While putting myself through college many years ago, I worked as a server in a couple of casual dining restaurants. Except for the occasional patron that “forgot” to leave a tip and the long odd hours, I loved that job! The satisfaction I got from serving others and seeing my guests having a great experience was very rewarding. Shortly after college, I started my insurance career in claims. Once again, I was serving people and loving it. You may be asking what all this has to do with leadership? The answer – service! I view leadership as a service opportunity. Every day I get to come to work and serve my team. So what does it take to implement service leadership or what is more commonly known as servant leadership? Several necessary traits come to mind:
- You need to genuinely care for those you work with and their well-being inside and outside of the office.
- Servant leadership involves listening, understanding, and empathy.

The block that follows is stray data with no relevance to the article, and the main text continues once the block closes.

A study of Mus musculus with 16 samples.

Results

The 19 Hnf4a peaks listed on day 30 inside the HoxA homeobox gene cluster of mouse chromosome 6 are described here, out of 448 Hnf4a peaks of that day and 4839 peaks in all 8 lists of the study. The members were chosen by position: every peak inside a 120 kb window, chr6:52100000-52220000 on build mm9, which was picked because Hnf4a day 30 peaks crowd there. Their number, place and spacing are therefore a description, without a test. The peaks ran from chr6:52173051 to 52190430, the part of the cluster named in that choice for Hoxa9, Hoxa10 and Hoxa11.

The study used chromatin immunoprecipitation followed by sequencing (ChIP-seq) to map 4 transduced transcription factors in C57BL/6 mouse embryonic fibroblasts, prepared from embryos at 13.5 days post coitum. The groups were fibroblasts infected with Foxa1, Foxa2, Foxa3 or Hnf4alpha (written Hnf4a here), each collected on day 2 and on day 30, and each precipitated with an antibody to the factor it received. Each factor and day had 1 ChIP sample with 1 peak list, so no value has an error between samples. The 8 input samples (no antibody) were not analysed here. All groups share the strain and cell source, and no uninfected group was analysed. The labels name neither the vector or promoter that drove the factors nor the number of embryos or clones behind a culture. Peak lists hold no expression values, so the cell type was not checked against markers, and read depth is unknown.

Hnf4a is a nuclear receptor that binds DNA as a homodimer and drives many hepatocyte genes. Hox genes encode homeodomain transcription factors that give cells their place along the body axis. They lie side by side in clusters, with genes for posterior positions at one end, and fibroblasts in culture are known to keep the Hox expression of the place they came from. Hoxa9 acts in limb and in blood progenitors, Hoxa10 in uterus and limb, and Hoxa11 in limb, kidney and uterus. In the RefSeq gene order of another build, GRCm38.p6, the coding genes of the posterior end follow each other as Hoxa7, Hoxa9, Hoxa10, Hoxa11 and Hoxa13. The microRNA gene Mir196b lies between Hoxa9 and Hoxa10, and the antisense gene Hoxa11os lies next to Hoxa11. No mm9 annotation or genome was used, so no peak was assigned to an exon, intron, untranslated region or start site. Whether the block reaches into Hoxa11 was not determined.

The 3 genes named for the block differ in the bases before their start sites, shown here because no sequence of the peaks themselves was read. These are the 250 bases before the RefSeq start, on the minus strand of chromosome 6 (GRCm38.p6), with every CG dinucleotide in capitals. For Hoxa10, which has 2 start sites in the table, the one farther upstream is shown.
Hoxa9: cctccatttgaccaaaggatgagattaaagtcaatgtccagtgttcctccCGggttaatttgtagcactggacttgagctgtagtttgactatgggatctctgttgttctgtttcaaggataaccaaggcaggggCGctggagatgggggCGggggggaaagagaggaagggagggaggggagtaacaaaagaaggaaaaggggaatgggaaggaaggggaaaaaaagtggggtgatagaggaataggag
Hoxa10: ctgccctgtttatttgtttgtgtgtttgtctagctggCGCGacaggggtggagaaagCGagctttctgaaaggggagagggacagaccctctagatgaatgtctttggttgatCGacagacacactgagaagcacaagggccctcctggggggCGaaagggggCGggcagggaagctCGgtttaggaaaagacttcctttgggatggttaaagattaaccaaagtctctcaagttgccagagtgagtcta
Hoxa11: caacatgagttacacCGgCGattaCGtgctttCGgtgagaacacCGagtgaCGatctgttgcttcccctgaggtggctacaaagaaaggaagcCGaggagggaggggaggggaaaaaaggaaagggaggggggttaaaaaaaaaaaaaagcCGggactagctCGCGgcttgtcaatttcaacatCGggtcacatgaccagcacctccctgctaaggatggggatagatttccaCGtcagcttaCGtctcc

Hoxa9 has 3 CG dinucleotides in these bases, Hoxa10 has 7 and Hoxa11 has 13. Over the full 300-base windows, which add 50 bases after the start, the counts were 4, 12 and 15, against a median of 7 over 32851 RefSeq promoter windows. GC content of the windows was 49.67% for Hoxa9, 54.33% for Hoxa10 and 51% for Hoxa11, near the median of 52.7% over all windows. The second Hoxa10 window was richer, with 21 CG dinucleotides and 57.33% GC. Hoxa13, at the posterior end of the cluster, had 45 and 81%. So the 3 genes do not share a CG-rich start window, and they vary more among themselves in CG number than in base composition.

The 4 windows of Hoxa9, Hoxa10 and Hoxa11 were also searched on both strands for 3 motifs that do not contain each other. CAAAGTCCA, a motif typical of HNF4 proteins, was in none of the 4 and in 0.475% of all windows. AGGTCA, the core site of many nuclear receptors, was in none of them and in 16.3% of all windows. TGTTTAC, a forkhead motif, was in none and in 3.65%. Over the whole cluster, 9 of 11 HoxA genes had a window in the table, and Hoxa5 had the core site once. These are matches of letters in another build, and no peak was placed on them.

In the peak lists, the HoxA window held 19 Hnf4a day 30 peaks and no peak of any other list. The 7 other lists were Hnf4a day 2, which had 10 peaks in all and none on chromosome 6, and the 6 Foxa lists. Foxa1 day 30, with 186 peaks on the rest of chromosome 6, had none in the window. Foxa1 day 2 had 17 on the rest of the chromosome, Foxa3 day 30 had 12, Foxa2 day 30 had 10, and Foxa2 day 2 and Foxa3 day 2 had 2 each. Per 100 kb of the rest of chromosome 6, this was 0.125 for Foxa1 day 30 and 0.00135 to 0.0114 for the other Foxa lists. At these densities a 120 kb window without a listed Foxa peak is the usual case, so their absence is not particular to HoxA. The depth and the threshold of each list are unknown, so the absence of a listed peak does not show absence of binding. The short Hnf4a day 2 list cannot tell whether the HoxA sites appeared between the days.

- It takes self-awareness to recognize how your attitude and behavior as a leader influence those you interact with.
- Servant leadership demands patience and encouragement of your teammates.
Why should you consider adopting servant leadership? Several benefits exist:
- Servant leadership is a great way to help develop those you lead.
- Team members are empowered which can lead to increased engagement and innovation.
- Servant leadership leads to heightened teamwork and morale.
- When you display an attitude of service, your team will mirror your actions by serving those they interact with.
- Satisfaction in knowing that you are developing future leaders that will share and perpetuate a culture of service.
Servant leadership is a natural fit for what we do at Central. We are in the service business by serving our policyholders, agents, partners, customers, and each other. Servant leadership embodies our core values of Integrity, Relationships, and Excellence. When we lead through service, these core values are on display, encouraging others around us to share in an attitude of service.
I have just scratched the surface on what it takes to be a servant leader and benefits that can be gained. One of my favorite books on servant leadership is The Carpenter by Jon Gordon. It is a fast read and shares a powerful story on the value of servant leadership. A quick Google search will bring up many other articles, blogs, and books if you are interested in learning more about servant leadership and what it can do for you and your team.
I would love to hear what servant leadership means to you and if you use it, how it has impacted you and those you lead.